Reimagined event draws the circle wider.

Primary Media
Dr. James Makokis at Rendez-vous
Dr. James Makokis is a proud Cree from the Saddle Lake First Nation in northern Alberta and a physician. He was a keynote speaker at Rendez-vous 2020.
Credit: Speakers Bureau of Canada

In late April, the Rendez-vous design team decided there couldn't be a large gathering in Calgary because of COVID-19. Plans that had been in the works for over a year were scrapped, disappointment reigned, and there was wavering about whether to postpone to 2021, cancel completely, or reimagine. After anxious conversations, disagreements, and a few tears, the decision was made to reimagine Rendez-vous 2020 as an online event.

The team wanted young people to know that the church understood all they were missing, cared for them even if we couldn't be with them in person, and wanted to bless them.

Rendez-vous 2020 Reimagined, held August 11‒14, was much like a face-to-face event. There were engaging keynote speakers, lively worship sessions, home groups, a service project, as well as workshops and spiritual practice sessions too numerous to list. Each morning started with Teachings by Elders, and each evening ended with a fun social time. Photos were shared, chats occurred, and exhibits viewed. Some people participated from home, others took part while camping, and some joined in from their church parking lots.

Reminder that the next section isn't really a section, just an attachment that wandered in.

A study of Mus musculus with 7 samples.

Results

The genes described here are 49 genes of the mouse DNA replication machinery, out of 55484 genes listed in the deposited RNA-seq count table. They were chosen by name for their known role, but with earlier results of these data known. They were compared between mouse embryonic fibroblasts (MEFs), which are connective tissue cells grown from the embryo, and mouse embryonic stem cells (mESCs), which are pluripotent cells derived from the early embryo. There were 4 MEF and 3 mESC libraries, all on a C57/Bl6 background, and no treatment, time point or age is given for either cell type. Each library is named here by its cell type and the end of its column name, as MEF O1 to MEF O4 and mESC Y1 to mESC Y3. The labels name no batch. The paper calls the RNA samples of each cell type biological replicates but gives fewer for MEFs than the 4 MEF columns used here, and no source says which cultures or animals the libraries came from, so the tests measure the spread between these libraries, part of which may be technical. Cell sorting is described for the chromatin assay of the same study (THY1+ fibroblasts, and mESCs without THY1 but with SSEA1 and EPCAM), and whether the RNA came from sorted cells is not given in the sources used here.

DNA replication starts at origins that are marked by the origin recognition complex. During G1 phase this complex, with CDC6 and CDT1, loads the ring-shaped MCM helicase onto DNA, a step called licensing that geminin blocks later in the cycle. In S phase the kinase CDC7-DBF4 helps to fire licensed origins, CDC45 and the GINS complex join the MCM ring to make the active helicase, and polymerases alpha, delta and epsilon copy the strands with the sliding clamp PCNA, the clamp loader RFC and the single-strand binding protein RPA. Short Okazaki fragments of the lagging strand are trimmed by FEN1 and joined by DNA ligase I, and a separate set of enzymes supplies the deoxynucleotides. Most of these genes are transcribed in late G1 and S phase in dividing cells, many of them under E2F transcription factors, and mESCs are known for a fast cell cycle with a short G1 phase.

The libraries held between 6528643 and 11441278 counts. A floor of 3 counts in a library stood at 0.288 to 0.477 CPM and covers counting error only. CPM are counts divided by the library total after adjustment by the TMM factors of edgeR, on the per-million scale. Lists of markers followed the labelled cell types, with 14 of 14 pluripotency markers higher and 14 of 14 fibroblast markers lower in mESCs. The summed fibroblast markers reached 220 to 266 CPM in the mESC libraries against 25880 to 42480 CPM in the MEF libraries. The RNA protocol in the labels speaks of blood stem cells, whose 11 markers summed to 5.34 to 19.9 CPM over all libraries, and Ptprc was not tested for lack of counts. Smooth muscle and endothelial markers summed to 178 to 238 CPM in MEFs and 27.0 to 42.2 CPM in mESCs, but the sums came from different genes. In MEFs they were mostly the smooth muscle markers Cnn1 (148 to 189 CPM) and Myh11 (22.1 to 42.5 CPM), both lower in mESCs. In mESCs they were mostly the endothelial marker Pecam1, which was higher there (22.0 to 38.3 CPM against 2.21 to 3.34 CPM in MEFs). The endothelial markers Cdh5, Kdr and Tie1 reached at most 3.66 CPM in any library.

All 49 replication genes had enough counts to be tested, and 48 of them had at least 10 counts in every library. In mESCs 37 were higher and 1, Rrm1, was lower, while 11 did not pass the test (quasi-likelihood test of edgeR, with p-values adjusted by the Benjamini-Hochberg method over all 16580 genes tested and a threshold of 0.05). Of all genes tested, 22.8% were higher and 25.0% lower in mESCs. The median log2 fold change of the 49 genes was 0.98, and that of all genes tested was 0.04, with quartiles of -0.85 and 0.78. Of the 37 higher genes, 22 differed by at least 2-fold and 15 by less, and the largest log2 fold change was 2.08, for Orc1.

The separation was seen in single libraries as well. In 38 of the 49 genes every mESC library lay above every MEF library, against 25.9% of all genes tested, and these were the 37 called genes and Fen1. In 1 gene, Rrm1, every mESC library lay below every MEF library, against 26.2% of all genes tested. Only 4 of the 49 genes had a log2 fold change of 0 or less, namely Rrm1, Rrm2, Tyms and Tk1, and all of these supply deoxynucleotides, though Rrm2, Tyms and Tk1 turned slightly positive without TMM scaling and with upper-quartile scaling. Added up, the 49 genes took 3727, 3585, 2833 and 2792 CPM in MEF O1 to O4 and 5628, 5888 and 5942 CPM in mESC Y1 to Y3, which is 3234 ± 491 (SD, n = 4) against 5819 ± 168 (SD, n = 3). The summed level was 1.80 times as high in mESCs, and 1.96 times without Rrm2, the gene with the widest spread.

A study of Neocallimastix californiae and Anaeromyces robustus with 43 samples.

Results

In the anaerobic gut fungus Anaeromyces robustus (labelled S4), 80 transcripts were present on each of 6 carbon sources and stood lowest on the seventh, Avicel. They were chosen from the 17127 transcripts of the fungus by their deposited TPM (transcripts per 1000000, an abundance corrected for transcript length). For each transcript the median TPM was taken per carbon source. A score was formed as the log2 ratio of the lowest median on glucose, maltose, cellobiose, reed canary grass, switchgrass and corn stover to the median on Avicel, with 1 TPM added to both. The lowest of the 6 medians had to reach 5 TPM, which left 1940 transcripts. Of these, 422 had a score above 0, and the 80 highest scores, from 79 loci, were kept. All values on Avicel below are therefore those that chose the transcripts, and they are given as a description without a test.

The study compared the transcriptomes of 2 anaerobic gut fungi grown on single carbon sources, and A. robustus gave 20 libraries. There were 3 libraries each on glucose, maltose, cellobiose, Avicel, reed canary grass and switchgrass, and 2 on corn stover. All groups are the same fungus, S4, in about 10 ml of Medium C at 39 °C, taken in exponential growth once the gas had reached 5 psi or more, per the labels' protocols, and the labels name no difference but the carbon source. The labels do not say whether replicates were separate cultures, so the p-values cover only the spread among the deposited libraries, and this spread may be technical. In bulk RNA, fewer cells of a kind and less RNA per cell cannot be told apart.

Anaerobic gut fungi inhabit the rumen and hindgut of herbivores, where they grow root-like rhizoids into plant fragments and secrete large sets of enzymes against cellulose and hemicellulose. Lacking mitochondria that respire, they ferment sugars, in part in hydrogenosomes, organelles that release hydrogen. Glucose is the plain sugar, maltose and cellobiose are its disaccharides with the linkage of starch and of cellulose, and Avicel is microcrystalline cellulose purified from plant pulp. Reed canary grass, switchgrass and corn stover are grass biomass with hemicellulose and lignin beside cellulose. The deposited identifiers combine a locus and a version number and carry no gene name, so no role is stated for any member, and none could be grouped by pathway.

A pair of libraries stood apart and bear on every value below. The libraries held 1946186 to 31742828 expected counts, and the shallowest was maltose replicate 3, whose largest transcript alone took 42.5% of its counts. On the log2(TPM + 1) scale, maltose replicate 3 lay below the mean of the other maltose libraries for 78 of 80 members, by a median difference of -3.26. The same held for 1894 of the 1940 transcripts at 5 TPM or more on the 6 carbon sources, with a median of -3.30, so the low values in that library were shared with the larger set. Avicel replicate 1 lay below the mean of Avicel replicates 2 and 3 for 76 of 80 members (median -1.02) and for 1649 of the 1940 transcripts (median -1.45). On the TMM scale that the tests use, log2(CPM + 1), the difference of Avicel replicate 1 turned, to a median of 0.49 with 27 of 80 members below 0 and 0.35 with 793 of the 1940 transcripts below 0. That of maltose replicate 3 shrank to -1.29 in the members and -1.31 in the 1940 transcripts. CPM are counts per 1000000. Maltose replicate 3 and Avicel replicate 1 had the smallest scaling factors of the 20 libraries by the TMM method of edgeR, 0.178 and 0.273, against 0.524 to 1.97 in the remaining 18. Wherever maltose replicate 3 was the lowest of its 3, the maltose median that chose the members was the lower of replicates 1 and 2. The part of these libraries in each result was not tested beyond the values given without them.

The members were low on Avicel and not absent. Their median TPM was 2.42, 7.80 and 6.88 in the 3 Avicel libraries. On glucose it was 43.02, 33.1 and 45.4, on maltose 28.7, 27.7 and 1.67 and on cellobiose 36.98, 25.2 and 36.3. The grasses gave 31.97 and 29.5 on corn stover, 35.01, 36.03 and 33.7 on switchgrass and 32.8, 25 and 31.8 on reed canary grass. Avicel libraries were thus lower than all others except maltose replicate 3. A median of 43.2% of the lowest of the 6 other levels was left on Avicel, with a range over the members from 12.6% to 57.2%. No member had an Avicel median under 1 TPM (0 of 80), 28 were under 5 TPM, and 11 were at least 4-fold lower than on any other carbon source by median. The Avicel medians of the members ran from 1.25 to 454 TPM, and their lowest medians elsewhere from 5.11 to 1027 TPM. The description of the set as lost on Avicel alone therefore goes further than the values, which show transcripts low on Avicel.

More than 480 young people attended the various activities over the course of the event. There were participants from every province in Canada as well as denominations, including Anglican, Lutheran, and United Church of Christ. The virtual nature of the event drew the circle wider than ever: Global partners from around the world, including the Philippines, Palestine, France, and Kenya joined in.

Together, the participants shared bold faith, created brave space, and offered one another brazen grace―all from a safe distance. Several young people thanked the church for finding a creative way to host Rendez-vous. "Thank you so much for continuing with Rendez-vous," one participant wrote, "I find it difficult to be in social settings at the best of times so this was wonderful for me. I did miss creating those physical connections but I am glad we were still able to gather, from a safe distance."

Following a moving keynote speech by Dr. James Makokis, a leader and well-known expert within the Indigenous, LGBTQ2 and medical community, one young person wrote, "Being a young person going through college, it makes me feel so much better when I hear someone who has failed but was able to get back on their feet. It's so inspiring."